SAN FRANCISCO - NOVEMBER 14: Frank Groe #21 of the San Francisco 49ers enters the field for their game against the St. Louis Rams at Candlestick Park on November 14, 2010 in San Francisco, California. (Photo by Ezra Shaw/Getty Images) *** Local Caption *** Frank Gore
If you have any patience for (or understanding of) the legal and labor moves being made for the coming NFL season, there is big news from 49ers headquarters in Santa Clara Thursday -- a lockout just got closer.
Matt Maiocco reports on Comcast Sportsnet reports that the 49ers players have unanimously voted to decertify from the NFL Players Union. More than half of all NFL teams have voted to decertify from the Players Union, most of them voting unanimously.
This story is about as exciting as watching a hand-recount 8 million of state Attorney General ballots, and it makes about 1,000 times less sense to a normal human being. But the end result of this story could be a lockout of players and no NFL football next season, so it behooves us to pay attention.
The NFL's Collective Bargaining Agreement runs out after this season, and the players and owners must agree on a new set of rules governing what percentages of earnings will be spent on salaries, stadiums, and the other costs of running the NFL. The players are basically looking for a raise, the owners are basically looking for more games and less-generous benefits for the players.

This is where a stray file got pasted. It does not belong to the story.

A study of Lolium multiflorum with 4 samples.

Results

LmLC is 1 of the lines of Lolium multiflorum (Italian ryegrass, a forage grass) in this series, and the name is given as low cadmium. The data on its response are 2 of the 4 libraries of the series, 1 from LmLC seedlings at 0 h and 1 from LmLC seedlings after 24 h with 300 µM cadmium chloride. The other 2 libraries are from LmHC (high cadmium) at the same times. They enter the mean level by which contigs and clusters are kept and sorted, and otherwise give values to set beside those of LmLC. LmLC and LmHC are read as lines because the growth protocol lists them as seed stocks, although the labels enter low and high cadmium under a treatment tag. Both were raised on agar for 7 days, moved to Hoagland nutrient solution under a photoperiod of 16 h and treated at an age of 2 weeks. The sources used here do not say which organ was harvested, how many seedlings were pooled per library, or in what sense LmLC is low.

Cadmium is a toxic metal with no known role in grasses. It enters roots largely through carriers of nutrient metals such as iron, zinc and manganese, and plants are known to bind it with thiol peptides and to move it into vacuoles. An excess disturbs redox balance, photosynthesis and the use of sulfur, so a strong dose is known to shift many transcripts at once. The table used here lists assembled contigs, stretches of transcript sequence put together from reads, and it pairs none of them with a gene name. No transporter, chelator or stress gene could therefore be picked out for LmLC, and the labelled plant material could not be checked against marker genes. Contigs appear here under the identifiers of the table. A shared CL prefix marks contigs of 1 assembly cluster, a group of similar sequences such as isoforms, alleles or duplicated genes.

Should they not be able to see eye to eye by March 11, the owners will implement a "lockout", meaning they will lock the players out of team facilities and there is no NFL football until further notice. This would be similar to the NFL strike of 1982.
In this event, federal law prevents a union for suing its employer during a CBA negotiating process. The locked-out players will want to sue the league for lost wages and broken contractual promises, and their lawyers think they have a case.
The players can only sue the NFL during this process if they are technically not a union. Solution? Continue to operate as a union, but claim you have decertified and are no longer a union. You basically just lose the name.
Want proof that the players will continue to operate as a union? The vote was orchestrated personally by NFL Players Union executive director DeMaurice Smith, who was in Santa Clara at 49ers headquarters. If a union director encourages a whole union to drop out of the very union he runs, that guy has probably got something up his sleeve.
DeMaurice Smith makes the trip to Alamada to meet with the Raiders later Thursday.